By Erica Wright
The Birmingham Times
On Monday, January 21, a one-mile stretch of I-59/20 that cuts through downtown Birmingham will be closed for 14 months while the Alabama Department of Transportation (ALDOT) replaces the bridge.
James Fowler, Director of the City of Birmingham’s Transportation Department, said one ramp will close Friday evening going northbound to I-20/59 towards Tuscaloosa but there is a contingency for the remaining closure.
“If the 31st street bridge, which they’ve [ALDOT] been working on this week and last week to complete, if those are not completed yet then that start date may slide back a day or two if the weather changes, but right now they’re on schedule to complete those ramps and that’s part of the agreement between ALDOT and their contractor that those ramps will be completed before the full closure starts,” Fowler said during the City Council meeting on Tuesday.
Fowler cautioned that the first two weeks of the closure will be some of the most challenging and after that two week period “we’ll get to see how traffic patterns will even out and what we’ll experience for the next 14 months.”
In other business, Mayor Randall Woodfin and the Birmingham City Council thanked the Junior League of Birmingham, for their work on ending human trafficking.
“Human trafficking unfortunately is too real in our community and at a certain point, it requires additional resources and awareness for people to know that this problem exists,” said Woodfin. “As mayor, and as council, I would like to acknowledge the good folk who are doing the work, who are in the trenches and fighting against human trafficking.”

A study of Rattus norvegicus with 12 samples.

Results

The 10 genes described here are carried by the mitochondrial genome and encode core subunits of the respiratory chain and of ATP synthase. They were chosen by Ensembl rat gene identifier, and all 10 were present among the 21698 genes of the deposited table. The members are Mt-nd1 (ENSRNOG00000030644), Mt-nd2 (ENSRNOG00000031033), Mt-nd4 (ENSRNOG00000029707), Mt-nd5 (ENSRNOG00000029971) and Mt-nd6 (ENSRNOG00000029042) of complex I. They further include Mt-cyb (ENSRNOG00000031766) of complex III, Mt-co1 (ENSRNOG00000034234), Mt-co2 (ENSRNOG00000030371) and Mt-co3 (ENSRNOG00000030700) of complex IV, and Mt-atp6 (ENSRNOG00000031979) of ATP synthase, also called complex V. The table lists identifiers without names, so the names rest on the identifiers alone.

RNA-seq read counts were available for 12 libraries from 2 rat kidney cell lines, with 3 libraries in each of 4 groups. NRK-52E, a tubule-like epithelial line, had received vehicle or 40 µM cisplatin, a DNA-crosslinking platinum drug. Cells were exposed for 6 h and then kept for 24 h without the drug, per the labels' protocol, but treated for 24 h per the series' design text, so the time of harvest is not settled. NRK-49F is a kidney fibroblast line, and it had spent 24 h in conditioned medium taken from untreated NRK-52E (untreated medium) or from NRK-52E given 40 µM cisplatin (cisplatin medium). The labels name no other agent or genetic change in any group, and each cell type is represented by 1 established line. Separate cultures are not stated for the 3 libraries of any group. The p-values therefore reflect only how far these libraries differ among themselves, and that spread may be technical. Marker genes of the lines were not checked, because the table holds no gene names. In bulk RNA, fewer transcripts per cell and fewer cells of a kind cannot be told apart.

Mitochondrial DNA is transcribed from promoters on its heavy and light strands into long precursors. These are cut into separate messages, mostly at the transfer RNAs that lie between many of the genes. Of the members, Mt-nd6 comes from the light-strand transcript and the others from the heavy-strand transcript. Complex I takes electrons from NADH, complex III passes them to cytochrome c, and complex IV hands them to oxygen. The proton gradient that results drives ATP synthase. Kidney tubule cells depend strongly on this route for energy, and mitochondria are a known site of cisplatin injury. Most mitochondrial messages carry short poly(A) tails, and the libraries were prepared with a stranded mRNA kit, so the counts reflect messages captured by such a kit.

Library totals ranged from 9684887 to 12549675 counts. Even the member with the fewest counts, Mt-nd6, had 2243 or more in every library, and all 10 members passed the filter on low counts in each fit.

The mayor said January will be considered human trafficking awareness month and the Junior League will work with the city to decrease human trafficking.
“The Birmingham Police Department has already stepped up by agreeing to train all of their officers on human trafficking signs . . . it’s important they’re working together to know what the proper steps are,” said Julia Myers, Chair of the Anti-Human Trafficking Committee for the Junior League of Birmingham.
Also, the council voted to pass a resolution to amend the agreement between the World Games 2021 Local Organizing Committee and the City of Birmingham so the city can become more involved with the planning of the games.
“I want to be treated like I’m a participant because we have a responsibility to ensure that our dollars are being spent right and that it’s being spent with such parity that it speaks to the demographics of this city,” said Councilor Steven Hoyt. “We need to be aware of the meetings so I will be able to attend when I want too… I still don’t know what they are doing and that’s not a good place for us, for the investment we’re making with respect to these World Games.”
Councilor John Hilliard, who proposed the resolution said the council needs to be informed in order to let citizens know what is going on.
“We’re here, we want to be involved, we want to be able to answer questions from the citizens so when people come to my office or talk to me about it, I can intelligently give them an answer, and I’m not able to do that right now,” said Hilliard. “
Lastly, the city will hold an appreciation day for the Birmingham Police Department on Wednesday (January 16).
The recognition comes after Sergeant Wytasha Carter was killed in the line of duty early Sunday morning.
“We’ve been having these appreciation days for our various departments where we take the time at a particular venue as an all-day appreciation for the employees within that department,” Woodfin said. “I think it’s fitting with what happened Sunday prior to we had already chosen this day to have the appreciation day for our police department.”